A Guide To Epilepsy


Epilepsy is the fourth most common neurological condition in the United States. Suffers experience chronic, unprovoked seizures caused by abnormal signaling activity in the brain.

What Conditions Are Associated With Epilepsy?

Children and the elderly are at greatest risk of epilepsy. Some childhood forms of the disorder can fade away completely over time. Conversely, older adults may develop epilepsy suddenly.

There are different types of seizures, and a patient with epilepsy may experience several kinds. When a variety of features all occur together, they can be categorized as an epilepsy disorder.

Epilepsy can be categorized based on these and other factors:

  • The types of seizures the sufferer has.
  • The age when the seizures first began.
  • Genetic contributions to the condition.

Researchers recognize about two dozen distinct epilepsy syndromes.

The most common epilepsy syndromes include:

  • Benign Rolandic Epilepsy (BRE)
    The most common epilepsy in children, it’s called “benign” because most patients will outgrow it by puberty. Seizures typically occur between 3-12 years old and happen at night. Headaches and migraines can also occur. There is a strong genetic component.
  • Remote Symptomatic Epilepsy
    Remote symptomatic epilepsy is the most common form of epilepsy in older people. It simply refers to epilepsy that was brought on by physical trauma elsewhere in the body. It is most often associated with stroke. Alzheimer’s disease also increases the risk of epilepsy

The type of seizure known as the grand mal seizure or generalized convulsion has appeared in popular media many times. During a seizure like this, the patient loses motor control and often falls unconscious. However, this is only one of many types of seizures, some less intense.


There is no cure for epilepsy. After its onset, most patients experience symptoms for life. These symptoms can be intermittent and may not present for weeks or months at a time. However, patients must be alert to potential safety risks at all times. Drugs can control seizures for about 70% of patients. Patients should remain under a doctor’s care and use medication as directed.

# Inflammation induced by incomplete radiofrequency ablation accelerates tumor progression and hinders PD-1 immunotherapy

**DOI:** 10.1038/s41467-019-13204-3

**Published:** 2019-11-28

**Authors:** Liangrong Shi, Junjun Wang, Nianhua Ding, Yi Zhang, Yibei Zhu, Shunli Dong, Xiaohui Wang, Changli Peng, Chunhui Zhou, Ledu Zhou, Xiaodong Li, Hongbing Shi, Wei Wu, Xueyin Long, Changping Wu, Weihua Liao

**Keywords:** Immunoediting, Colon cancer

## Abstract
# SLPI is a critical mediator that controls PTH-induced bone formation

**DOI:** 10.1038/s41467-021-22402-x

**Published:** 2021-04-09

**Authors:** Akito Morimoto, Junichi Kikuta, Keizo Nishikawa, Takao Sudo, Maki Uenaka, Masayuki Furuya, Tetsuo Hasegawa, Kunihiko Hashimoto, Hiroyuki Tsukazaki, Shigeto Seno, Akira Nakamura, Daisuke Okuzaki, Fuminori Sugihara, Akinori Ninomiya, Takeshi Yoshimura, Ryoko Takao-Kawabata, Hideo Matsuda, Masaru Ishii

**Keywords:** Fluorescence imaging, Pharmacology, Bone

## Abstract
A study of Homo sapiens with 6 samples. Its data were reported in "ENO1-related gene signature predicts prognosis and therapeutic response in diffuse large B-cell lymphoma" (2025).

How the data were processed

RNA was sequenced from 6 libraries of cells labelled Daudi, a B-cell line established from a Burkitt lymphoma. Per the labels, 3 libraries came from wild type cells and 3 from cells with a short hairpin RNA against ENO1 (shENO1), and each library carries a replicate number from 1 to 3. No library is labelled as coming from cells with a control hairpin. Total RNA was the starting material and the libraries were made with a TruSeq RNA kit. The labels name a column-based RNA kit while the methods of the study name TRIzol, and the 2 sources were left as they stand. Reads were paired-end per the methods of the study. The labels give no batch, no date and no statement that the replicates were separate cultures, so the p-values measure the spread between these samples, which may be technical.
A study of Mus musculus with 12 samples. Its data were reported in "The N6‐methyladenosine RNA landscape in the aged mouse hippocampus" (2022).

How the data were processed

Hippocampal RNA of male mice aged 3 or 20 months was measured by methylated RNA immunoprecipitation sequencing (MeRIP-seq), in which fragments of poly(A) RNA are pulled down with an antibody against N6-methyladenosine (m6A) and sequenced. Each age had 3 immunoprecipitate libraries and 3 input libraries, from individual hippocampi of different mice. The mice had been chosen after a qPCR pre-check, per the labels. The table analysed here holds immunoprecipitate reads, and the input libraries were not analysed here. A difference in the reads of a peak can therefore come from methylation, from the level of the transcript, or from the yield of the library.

One of the most important aspects of long-term symptom management is determining whether any environmental stimuli can provoke a seizure in a particular patient. When stimuli can cause seizures, it is called reflex epilepsy. Bright or flashing lights are among the most common seizure triggers. Sounds and certain activities may provoke seizures, too, and should be avoided.

Recent Epilepsy Medical Research

For more than 40 years, medical research has benefited from frequent epilepsy clinical trials. New epilepsy medications are always under investigation. One of the biggest discoveries from epilepsy clinical trials is the effectiveness of certain medical cannabis treatments for seizure management, especially for pediatric patients with treatment-resistant symptoms. It was this discovery that helped propel public interest in medical cannabis for other purposes.

Why Are Further Epilepsy Clinical Trials Necessary?

With two dozen distinct manifestations of epilepsy to research, progress against the disorder can be slow. Further epilepsy clinical trials can help at-risk populations, including youths and elders. A great deal of information remains to be uncovered about epilepsy, such as the precise genetic factors that can contribute to it and whether or how it can be prevented.

Current Epilepsy Clinical Trials

The following list includes all epilepsy clinical trials verified by ClinicalTrials.gov. To add an epilepsy clinical trial to our list, just contact our team.


About 50 million people worldwide have epilepsy. With further epilepsy clinical trials, it will be possible to strive toward better epilepsy medication and, eventually, a true cure for epilepsy.